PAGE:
Understanding financial statements — the balance sheetWednesday, August 04, 2021
By Toni-Ann Myrie
A picture is worth a thousand words, but financial statements tell a thousand stories. When analysing the performance of companies you've invested in, it's important to look at the financial statements.
The financial statements of a company capture its overall performance, how and what it uses money for, and what the business owns and owes. There are three financial statements that bankers, investors, shareholders and other interested parties always look to when they want to get information — the profit and loss statement, the balance sheet and the cash flow statement.
A balance sheet is a statement that sets out a company's assets, liabilities and capital.
An asset is a resource that a company owns with the hope that it will help to make some money in the future. The balance sheet is divided into three sections: assets, capital and liabilities. The listing of the company's assets is usually in the first half of the balance sheet.
A company's assets are divided into categories; the three main ones are intangible assets, fixed or long-term assets and current or short-term assets.
Intangible assets, as the name suggests, are resources that you cannot see or touch. These include things such as trademarks, copyrights, and goodwill.
Goodwill is the value the company's customers place on the company. While some companies include intangible assets on their balance sheet, one such being Seprod Limited, many choose not to because it is difficult to calculate a value for intangible assets.
For example, the balance sheet for Lasco Manufacturing may say that the company has assets valued at one billion Jamaican dollars but to us, Lasco has so much more value because of the memories we've attached to using Lasco products. You may have been using Lasco milk powder since you were a baby and still use it today to make drink mixes or cereal. You would be devastated if Lasco was to stop producing Lasco milk powder. That is Lasco's goodwill, but how much is that actually worth in dollars? That's where it gets tricky.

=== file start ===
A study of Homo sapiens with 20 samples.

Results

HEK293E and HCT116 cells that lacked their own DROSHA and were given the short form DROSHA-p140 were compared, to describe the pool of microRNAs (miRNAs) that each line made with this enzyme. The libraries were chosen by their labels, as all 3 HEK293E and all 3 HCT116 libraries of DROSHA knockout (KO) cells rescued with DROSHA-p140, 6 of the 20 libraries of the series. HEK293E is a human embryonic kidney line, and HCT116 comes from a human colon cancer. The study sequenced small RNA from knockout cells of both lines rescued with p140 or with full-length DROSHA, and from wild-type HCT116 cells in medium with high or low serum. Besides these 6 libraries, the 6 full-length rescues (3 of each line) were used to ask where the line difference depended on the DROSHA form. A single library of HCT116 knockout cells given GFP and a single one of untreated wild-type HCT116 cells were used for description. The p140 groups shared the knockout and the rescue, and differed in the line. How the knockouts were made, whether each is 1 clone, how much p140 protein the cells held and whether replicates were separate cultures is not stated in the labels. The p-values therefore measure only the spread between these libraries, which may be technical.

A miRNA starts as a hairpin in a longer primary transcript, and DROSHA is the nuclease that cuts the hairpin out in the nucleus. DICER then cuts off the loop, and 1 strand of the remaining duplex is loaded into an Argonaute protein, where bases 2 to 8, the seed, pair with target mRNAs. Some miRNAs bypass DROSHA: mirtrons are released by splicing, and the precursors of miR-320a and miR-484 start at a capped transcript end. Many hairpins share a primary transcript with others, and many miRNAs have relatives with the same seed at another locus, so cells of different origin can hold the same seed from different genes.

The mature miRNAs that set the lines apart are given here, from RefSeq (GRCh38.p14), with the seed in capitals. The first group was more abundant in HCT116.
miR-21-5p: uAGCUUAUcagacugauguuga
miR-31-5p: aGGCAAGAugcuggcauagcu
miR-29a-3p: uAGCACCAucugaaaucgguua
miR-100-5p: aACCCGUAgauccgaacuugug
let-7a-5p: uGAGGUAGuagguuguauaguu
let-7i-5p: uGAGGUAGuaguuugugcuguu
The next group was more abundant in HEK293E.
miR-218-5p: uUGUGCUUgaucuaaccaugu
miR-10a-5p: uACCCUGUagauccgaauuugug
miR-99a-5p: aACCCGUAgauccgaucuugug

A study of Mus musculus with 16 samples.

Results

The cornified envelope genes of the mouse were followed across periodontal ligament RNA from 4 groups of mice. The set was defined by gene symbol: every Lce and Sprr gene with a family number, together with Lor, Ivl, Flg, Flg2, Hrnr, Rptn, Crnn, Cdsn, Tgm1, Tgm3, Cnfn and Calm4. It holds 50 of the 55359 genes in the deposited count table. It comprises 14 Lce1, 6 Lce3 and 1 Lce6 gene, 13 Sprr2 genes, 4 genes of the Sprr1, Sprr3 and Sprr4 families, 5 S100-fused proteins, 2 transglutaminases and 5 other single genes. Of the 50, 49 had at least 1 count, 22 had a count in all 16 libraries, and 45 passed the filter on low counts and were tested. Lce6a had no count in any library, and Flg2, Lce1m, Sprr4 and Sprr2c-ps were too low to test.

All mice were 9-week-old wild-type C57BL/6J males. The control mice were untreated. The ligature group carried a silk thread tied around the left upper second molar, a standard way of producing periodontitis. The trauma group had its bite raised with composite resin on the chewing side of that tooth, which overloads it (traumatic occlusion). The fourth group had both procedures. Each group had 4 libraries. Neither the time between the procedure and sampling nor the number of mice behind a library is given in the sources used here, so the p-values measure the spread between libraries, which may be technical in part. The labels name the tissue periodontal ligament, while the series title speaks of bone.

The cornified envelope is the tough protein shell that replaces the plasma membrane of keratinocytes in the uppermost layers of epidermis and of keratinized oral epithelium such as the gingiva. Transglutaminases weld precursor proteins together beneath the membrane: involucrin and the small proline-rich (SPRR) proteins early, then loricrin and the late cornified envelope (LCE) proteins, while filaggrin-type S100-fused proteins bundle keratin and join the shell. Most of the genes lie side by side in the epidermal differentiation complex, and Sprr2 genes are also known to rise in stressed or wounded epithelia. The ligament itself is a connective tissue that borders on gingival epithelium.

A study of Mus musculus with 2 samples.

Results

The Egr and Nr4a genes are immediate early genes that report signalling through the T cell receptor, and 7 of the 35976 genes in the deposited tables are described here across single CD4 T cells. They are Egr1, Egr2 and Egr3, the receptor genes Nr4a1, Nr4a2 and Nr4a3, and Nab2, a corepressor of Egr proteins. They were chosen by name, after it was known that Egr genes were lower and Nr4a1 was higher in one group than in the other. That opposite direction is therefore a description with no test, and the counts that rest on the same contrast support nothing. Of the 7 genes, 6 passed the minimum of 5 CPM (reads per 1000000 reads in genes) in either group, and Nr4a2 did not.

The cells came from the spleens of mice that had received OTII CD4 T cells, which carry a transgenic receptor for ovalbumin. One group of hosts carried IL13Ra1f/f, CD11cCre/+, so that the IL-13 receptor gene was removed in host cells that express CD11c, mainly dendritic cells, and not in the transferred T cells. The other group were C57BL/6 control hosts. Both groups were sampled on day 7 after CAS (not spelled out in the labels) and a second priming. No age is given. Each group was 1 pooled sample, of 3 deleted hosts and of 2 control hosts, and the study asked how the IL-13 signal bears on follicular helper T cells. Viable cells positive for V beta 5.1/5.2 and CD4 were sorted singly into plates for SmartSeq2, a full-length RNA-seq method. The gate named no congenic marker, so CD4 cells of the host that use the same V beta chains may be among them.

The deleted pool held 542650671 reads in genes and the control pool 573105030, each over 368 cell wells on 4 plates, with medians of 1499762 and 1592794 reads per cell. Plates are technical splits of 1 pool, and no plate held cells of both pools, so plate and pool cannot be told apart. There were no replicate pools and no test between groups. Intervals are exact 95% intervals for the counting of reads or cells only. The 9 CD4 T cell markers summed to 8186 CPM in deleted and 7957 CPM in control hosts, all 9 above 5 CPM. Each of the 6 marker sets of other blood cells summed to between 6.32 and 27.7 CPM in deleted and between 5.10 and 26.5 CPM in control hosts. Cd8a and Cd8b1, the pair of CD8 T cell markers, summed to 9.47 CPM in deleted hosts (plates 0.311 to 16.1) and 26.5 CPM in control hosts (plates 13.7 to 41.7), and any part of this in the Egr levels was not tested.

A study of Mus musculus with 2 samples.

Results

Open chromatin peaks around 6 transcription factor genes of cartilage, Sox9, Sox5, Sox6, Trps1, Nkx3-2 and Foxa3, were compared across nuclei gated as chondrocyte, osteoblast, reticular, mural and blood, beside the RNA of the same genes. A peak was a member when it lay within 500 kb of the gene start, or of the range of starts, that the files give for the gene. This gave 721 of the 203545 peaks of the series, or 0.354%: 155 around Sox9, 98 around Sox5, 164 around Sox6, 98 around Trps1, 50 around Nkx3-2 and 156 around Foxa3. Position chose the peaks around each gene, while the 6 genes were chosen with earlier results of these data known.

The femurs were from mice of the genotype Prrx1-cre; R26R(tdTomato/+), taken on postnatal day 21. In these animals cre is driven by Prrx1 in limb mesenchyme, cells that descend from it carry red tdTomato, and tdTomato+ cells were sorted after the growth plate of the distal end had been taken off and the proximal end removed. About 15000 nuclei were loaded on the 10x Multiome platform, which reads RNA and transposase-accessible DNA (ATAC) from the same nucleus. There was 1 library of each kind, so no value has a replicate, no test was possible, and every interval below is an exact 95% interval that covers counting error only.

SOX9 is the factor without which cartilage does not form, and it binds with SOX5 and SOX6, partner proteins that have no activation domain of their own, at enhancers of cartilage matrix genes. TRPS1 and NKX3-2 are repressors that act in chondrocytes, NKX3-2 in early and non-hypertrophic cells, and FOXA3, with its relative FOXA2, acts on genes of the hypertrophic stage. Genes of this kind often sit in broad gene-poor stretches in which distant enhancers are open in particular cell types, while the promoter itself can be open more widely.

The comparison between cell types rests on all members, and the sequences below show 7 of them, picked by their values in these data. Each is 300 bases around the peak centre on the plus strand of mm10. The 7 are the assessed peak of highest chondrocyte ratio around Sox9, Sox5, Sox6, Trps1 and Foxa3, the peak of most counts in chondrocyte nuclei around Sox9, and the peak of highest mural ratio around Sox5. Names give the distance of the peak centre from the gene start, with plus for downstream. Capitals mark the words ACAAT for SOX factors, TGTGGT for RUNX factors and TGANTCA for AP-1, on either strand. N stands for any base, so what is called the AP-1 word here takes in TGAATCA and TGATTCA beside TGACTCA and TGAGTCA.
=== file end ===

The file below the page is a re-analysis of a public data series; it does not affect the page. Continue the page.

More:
The next category is fixed assets. These usually include plants, equipment, buildings, and motor vehicles. They are called fixed assets because they usually serve companies for a long while and are fixed, or not easy to move. At the end of each financial year accountants calculate the value of the assets, taking into consideration wear and tear, and then report the value on the balance sheets.
Current or short-term assets are assets that do not last long. These include inventory, receivables, investments and cash. Inventory can be further broken down into finished goods, work in progress or raw materials. The inventory amount that is reported on the balance sheet is the inventory that remains on the last day of the company's financial year.
Receivables is money that the company is yet to collect from its clients for goods or services that have been supplied to them. Investments include things such as stocks, bonds and fixed deposits.
And lastly, cash is simply the amount of money that they physically store at the business and keep in their bank accounts.
The first half of the balance sheet is set out like this because the assets are usually listed according to their liquidity.
Liquidity means how fast these assets can be converted into cash. The assets that take the longest to be sold, such as property and equipment, are listed first.
The most liquid asset, cash, is listed last. In that case, property, plant, and equipment are listed first because they may take many years to sell, then motor vehicles which take a couple months. Then come current assets. Inventory may be able to be sold within weeks while receivables may take some time to collect, but not a long time. Investments can be sold off within a couple days to get cash and lastly, there is cash. Cash is the most liquid. Companies can just take the cash they have and use it to pay their creditors or employees instantly.
The balance sheet can be represented using the following equation:
Assets equal capital plus liabilities: A = C + L
Basically, the company owns assets but it has to use money from shareholders, as well as loans, to purchase those assets.
In part two we'll look at the second half of this equation — capital and liabilities.